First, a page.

Seeing Jesus

Posted on October 25, 2016 | 10 comments

image of jesus

It is election season. From things I’ve read, if Jesus were alive today, He would support every political candidate. Or at least that is the case people make.

There is a proliferation of bumper stickers saying that “Jesus is an environmentalist” or “Jesus is a capitalist” or some other such identification.

Many churches teach their opinions as if they were doctrines of Jesus. Things like kids must be home-schooled or that some standards of discipleship are old-fashioned.

Here is the truth: we view Jesus through the lens of what builds up our false sense of self.

We want Jesus to affirm the things from which we are seeking value. Thus, we don’t see Jesus as He actually is, we see a Jesus created in our own image.

Jesus did not come to affirm our broken philosophies, He came to show the world the love of the Father.

When we make Jesus in our image, that leads to division rather than unity, condemnation rather than acceptance, and judgment rather than forgiveness.

Jesus was concerned that we do two things: love God and love people.

Loving God is about rooting our full sense of identity in Him. Loving people is a fruit of the freedom that source of identity provides.

Where loving God and people conflicts with our desires we are to abandon our self.

In what ways does Jesus look more like you rather than you looking more like Jesus?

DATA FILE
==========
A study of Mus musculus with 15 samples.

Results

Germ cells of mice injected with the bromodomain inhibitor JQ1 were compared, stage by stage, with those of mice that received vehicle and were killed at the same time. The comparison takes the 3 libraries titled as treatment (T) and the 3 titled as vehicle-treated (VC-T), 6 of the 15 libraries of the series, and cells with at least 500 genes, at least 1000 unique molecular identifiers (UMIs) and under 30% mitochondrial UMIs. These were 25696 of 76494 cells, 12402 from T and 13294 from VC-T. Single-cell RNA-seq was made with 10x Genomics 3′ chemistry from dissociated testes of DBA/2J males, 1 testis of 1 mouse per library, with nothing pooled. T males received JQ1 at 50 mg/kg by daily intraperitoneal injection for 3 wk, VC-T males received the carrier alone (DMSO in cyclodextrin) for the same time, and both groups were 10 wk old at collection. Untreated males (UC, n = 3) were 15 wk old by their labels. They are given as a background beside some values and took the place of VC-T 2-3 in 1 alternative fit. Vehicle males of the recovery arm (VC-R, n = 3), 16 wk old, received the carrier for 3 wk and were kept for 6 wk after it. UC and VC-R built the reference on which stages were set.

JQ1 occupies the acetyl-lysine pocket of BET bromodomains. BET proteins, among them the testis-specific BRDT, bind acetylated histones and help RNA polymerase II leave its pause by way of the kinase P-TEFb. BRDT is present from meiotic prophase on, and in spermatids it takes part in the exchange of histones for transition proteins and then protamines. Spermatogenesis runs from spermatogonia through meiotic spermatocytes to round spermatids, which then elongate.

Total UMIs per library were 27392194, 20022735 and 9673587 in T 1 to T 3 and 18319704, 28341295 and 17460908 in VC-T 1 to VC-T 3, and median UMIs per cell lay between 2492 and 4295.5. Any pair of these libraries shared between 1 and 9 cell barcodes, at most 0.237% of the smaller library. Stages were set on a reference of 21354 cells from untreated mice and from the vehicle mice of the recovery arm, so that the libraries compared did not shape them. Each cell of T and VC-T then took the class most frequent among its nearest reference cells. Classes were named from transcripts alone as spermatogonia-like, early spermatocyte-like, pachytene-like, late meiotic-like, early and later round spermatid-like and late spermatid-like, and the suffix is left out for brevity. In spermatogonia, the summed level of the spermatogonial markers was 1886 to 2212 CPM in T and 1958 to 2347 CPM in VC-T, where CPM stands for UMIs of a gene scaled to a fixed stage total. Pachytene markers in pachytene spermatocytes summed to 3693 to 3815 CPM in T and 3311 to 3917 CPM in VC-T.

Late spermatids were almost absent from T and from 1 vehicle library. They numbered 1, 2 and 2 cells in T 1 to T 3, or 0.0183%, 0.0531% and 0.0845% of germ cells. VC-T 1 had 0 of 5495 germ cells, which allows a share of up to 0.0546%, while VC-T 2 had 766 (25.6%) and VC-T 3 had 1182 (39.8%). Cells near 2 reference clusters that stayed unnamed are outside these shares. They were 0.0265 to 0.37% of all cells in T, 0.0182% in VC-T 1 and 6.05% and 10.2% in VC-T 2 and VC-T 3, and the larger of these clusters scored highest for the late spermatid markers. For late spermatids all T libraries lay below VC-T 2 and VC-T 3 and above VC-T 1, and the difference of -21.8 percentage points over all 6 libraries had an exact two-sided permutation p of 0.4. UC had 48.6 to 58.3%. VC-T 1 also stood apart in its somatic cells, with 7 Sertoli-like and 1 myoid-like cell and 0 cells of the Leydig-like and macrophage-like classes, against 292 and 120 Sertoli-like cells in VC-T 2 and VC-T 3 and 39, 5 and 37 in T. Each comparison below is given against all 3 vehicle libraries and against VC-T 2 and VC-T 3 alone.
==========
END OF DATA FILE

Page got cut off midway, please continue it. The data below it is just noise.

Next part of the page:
1. What a great quote from the rabbi and good thoughts to ponder.

    • Yes, I love that quote. It is so true too!

  2. Loving God and loving others. Yes, we are called to do both. I could do a better job. I appreciate your words of encouragement and truth today. Blessings!

    • All of us can do better. That is why it is so important that God loves us independent of our performance.

  3. ‘Jesus did not come to affirm our broken philosophies, He came to show the world the love of the Father.’

    Wow. Friend, that was so appropo for the crazy world and desperate times we live in; Jesus came to REMAKE us, to make us new creatures, and that’s the comfort of the Christian gospel and the glory!

    Thank you. This put so much hope back into what really matters.

    • Thank you Emily. So glad you hopped over to the blog and participated.

  4. Jesus did not come to affirm our broken philosophies, He came to show the world the love of the Father. Yes! I’ve been having this same conversation with family members, and this is a difficult concept for many to embrace….especially in our current political climate. Love that you have drawn readers back to the foundational truth of rooting our full identity in Him!

    • Thank you Crystal. I love that you are having these conversations with family.

  5. This political season has really been cause to evaluate our faith … our perspective … how we live out the love of Christ. Your post makes us pause and think deeply about that. Thank you for your insight and for speaking truth! And thanks so much for joining us at #MomentsofHope!
    Blessings and smiles,
    Lori

    • Thanks Lori for being part of the conversation.